Clashes between Lebanese protesters and supporters of the Shiite militant Hezbollah group are putting Lebanon’s military and security forces in a delicate position, threatening to crack open the country’s dangerous fault lines amid a political deadlock.
For weeks, the Lebanese security forces have taken pains to protect anti-government protesters, in stark contrast to Iraq, where police have killed more than 340 people over the past month in a bloody response to similar protests.
The overnight violence — some of the worst since protests against the country’s ruling elite began last month — gave a preview into a worst-case scenario for Lebanon’s crisis, with the country’s US-trained military increasingly in the middle between pro- and anti-Hezbollah factions.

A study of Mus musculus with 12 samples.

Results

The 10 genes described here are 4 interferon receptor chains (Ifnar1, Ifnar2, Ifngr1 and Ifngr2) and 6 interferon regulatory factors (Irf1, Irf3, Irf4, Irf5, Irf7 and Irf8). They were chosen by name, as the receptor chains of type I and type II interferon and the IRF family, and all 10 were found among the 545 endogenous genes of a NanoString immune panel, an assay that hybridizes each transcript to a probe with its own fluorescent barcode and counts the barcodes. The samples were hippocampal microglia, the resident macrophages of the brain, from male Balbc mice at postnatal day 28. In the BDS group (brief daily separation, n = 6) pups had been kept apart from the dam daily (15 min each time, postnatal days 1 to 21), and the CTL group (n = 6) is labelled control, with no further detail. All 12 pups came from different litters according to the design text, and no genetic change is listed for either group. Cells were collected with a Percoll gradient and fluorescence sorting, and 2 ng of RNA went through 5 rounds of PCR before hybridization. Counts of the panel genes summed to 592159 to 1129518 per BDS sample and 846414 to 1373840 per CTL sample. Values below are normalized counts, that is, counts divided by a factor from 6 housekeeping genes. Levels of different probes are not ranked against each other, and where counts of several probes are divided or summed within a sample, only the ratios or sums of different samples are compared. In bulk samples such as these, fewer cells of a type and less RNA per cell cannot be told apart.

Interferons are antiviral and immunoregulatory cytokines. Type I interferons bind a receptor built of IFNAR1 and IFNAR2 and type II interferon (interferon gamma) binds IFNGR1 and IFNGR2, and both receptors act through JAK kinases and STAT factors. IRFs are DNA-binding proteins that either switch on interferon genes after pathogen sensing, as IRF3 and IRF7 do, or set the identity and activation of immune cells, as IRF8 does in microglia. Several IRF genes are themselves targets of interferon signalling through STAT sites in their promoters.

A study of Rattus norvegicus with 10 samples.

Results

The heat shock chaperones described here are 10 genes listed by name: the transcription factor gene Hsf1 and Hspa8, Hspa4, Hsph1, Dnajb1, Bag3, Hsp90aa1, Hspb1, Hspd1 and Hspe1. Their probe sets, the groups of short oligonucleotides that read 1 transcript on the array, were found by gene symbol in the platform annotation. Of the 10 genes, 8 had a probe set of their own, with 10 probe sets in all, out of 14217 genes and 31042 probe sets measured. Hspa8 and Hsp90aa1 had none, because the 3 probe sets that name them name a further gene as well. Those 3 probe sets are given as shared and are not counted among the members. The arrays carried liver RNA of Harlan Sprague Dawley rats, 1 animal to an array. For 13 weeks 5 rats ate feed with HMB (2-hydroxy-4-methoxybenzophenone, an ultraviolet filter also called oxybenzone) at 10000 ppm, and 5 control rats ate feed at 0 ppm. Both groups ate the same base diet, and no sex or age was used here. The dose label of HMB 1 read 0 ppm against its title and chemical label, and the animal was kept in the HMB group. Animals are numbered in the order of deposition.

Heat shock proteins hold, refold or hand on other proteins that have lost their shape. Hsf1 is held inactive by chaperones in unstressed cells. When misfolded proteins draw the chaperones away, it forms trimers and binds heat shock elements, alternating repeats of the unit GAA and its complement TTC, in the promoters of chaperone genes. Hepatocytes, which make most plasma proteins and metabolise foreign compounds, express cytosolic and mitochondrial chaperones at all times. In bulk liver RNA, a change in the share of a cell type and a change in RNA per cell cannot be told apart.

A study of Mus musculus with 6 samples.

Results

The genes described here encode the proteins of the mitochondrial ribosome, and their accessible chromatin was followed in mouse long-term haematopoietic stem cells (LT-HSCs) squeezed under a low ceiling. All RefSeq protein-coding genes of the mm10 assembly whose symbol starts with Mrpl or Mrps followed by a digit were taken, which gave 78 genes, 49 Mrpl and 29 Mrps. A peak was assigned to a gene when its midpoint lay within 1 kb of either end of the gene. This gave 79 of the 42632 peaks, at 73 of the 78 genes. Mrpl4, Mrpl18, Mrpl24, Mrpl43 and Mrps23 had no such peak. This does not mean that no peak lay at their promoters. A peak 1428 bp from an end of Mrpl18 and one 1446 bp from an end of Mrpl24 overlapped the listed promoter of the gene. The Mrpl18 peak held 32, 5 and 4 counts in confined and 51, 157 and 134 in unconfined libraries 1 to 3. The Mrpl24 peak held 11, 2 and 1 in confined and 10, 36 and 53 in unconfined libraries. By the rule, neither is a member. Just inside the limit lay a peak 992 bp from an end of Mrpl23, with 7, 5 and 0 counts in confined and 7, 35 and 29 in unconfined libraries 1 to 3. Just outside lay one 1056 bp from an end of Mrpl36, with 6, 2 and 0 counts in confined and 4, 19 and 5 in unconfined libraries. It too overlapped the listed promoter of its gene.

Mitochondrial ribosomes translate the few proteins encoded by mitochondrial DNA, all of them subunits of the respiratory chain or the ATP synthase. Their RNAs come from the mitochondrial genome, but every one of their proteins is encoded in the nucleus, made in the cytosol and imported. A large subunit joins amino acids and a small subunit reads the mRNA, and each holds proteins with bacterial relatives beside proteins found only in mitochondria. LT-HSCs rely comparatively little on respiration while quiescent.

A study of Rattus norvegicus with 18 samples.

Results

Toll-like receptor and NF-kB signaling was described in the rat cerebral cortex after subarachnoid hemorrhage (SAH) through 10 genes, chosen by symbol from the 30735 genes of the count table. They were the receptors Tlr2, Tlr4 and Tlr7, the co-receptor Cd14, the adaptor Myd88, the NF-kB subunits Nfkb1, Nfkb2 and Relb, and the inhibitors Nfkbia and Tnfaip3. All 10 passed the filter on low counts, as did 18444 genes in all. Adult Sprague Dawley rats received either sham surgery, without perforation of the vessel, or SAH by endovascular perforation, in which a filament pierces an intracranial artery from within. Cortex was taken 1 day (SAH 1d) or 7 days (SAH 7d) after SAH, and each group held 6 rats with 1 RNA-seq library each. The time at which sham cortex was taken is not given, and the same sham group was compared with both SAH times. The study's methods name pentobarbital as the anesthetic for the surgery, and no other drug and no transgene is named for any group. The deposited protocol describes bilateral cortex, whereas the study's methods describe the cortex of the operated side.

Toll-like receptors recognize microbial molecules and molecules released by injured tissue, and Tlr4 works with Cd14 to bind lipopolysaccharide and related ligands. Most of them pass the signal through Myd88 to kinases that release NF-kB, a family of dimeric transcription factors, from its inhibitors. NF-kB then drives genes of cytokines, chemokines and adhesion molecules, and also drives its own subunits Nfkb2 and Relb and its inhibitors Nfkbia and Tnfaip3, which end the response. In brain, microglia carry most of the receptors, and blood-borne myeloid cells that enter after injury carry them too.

By attacking protesters Sunday night, Hezbollah sent a message that it was willing to use force to protect its political power.
Confronting the powerful Iranian-backed Hezbollah, however, is out of the question for the military, as doing so would wreck the neutral position it seeks to maintain and could split its ranks.
“The army is in a difficult position facing multiple challenges and moving cautiously between the lines,” said Fadia Kiwan, professor of political science at Saint Joseph University in Beirut.
She said the military had sought to protect the protesters and freedom of expression but was increasingly grappling with how to deal with road closures and violence.
The UN Security Council urged all actors in Lebanon on Monday to engage in “intensive national dialogue and to maintain the peaceful character of the protests” by respecting the right to peaceful assembly and protest.
Calling this “a very critical time for Lebanon,” the UN’s most powerful body also commended Lebanon’s armed forces and state security institutions for their role in protecting the right to peaceful assembly and protest.